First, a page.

The case for political unity | Daily News


The case for political unity

Three years ago on August 17, 2015, Sri Lankans reaffirmed their commitment to democracy and good governance by giving an overwhelming mandate to the Rainbow Coalition to govern for five years. Just a few months earlier, they voted for a radical transformation in the country’s trajectory by voting for Common Candidate Maithripala Sirisena to become President. The nascent Government formed in January 2015 sought a public mandate for a renewed term, which was granted. The new Government began work exactly three years ago, on August 18, 2015.

This was a Government with a difference. For nearly 65 years after independence, the two major parties – SLFP and UNP – had governed in turn. Political analysts called it “Thattu Maaru” in Sinhalese, which essentially means that they governed the country one after the other. But this had the disadvantage of being based entirely on political imperatives, not national ones. This is why the Government that came into being on January 8, 2015 was different – for the first time ever the two major parties were in a formal ruling coalition. This gave rise to the name “National Unity Government”. In a way, this also depicted the need for national unity after the political and social polarization that stemmed from the 30-year conflict.

The departing Mahinda Rajapaksa Government had altered the country’s fundamental governing structure to such an extent that many remained pessimistic whether the new Government would be able to change anything at all. It was a dark era in which fundamental freedoms and even the Judiciary were trampled. The Police and law enforcement agencies had to dance to the tune of the Government. Critics of the Government were made to disappear courtesy of the White Vans. True, the Mahinda Rajapaksa Government ended the long-running war, but failed to win the peace with its triumphalist attitude and antagonistic approach to Human Rights. It eschewed reconciliation and promoted division, discord and rancour. One adverse result of this course of action was the country’s almost total isolation in the International Community, with only a few equally nefarious regimes backing it up.

In this light, the incoming Government had a tall order. Its first priority was to set things right in terms of governance. Hence the term Good Governance Government, an alternative term for the National Unity Government. It is the Sinhala interpretation “Yahapalanaya” that caught on and eventually entered the local political lexicon. Whatever the name, the task at hand was daunting – set the country on the right path after years of being in the doldrums.

To its credit, the Government has accomplished this task with aplomb. By establishing independent commissions and also by creating a general climate of freedom sans fear and suspicion, the Government has restored the independence of the Judiciary and the Police, upheld the supremacy of law, bolstered an independent public service and above all, granted full freedom of expression for all including the media. It is also cracking down on all forms of corruption – in fact, it is the only Government in recent memory that probed acts of corruption that occurred during its own term. Taken together, this alone is an achievement worthy of celebration. Indeed, the restoration of media freedom, with a total stop on attacks and disappearances of media personnel, has often been cited as the most important achievement of the Good Governance Government by the International Community.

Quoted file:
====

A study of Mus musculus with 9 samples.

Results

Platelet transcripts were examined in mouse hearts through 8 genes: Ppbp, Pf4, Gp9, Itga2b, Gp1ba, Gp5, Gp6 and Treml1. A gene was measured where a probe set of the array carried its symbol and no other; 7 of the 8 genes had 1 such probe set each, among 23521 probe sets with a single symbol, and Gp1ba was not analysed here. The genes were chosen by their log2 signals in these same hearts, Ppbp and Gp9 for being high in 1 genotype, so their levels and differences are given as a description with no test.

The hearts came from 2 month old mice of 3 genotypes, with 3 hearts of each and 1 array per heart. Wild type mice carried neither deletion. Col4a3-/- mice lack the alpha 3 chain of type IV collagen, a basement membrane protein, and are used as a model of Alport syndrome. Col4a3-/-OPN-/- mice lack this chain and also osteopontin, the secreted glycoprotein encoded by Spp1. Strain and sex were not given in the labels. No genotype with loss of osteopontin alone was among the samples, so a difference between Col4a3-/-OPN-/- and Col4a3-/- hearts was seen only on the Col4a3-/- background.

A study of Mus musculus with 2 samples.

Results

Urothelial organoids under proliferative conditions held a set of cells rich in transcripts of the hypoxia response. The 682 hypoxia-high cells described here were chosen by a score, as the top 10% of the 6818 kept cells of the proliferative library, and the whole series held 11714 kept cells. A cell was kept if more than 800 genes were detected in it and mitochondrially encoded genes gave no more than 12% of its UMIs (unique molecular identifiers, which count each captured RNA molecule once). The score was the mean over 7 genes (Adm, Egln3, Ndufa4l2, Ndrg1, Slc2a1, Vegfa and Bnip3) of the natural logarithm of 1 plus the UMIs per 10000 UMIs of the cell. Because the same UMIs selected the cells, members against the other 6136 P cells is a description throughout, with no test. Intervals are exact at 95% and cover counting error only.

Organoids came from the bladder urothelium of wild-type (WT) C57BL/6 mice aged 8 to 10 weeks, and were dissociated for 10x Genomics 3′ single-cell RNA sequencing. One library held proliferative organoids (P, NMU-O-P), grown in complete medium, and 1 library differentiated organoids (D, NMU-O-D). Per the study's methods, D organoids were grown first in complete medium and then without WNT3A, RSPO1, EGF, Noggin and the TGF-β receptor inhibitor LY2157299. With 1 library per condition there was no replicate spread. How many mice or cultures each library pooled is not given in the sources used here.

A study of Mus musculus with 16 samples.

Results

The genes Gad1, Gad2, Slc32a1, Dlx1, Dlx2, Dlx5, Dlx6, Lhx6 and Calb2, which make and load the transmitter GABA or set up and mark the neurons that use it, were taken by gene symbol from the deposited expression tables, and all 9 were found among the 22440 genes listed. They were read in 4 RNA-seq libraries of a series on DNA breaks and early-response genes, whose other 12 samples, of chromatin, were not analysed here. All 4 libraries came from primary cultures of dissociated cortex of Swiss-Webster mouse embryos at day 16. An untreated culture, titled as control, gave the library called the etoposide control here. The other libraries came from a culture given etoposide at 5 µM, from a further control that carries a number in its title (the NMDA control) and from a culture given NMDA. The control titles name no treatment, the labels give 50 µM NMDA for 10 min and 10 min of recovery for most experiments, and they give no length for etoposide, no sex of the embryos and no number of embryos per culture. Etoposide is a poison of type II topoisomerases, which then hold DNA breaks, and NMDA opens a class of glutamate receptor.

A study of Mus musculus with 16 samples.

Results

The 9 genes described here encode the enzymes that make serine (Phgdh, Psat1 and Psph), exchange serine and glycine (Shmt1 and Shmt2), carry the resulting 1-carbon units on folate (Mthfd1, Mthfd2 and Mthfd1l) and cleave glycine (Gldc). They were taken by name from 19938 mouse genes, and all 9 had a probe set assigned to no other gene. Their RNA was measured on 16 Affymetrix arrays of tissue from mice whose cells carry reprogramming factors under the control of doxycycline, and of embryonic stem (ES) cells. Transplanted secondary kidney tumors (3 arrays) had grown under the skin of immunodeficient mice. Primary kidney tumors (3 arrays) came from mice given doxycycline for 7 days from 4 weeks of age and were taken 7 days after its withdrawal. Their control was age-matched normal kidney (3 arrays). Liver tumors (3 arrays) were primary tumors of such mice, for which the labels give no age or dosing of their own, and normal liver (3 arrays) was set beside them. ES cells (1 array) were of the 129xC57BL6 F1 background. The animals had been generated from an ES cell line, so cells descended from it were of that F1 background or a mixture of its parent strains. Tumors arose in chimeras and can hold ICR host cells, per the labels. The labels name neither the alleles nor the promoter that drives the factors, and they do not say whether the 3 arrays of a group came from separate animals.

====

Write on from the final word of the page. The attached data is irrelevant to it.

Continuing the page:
Today, Sri Lanka has become a fully fledged member of the International Community, thanks to the Government’s constructive engagement with the rest of the world. Instead of confrontation, the Government opted for a dialogue on matters such as human rights and post-conflict accountability. The International Community has accepted this approach and given the Government the time and space to resolve such issues through a domestic mechanism, which will go a long way towards achieving reconciliation among the different communities. The Government has launched an active reconciliation mechanism to bring the North and the South together in order to achieve lasting peace.

The previous Government made a huge show of “development” which was in reality riddled with corruption. However, this Government has embarked on a huge development drive without the element of corruption – from the giant Moragahakanda-Kalu Ganga project to the Light Rail Transit (LRT) system in Colombo suburbs. Realisng that developing the big cities alone will not equate to development, the Government has launched two rural development programmes that will cover the entire island – Grama Shakthi and Gam Peraliya. The village is at the heart of our primarily agricultural nation and these two programmes will be a big boost for the national economy.

The Unity Government is not flawless, but it is vital to continue this exercise in political unity for the larger good of the nation. There are elements in the Opposition that are desperate to ruin the process of reconciliation to meet their own political ends. In this backdrop, unity must prevail between the two main parties. Politics must come second, the country’s future must come first.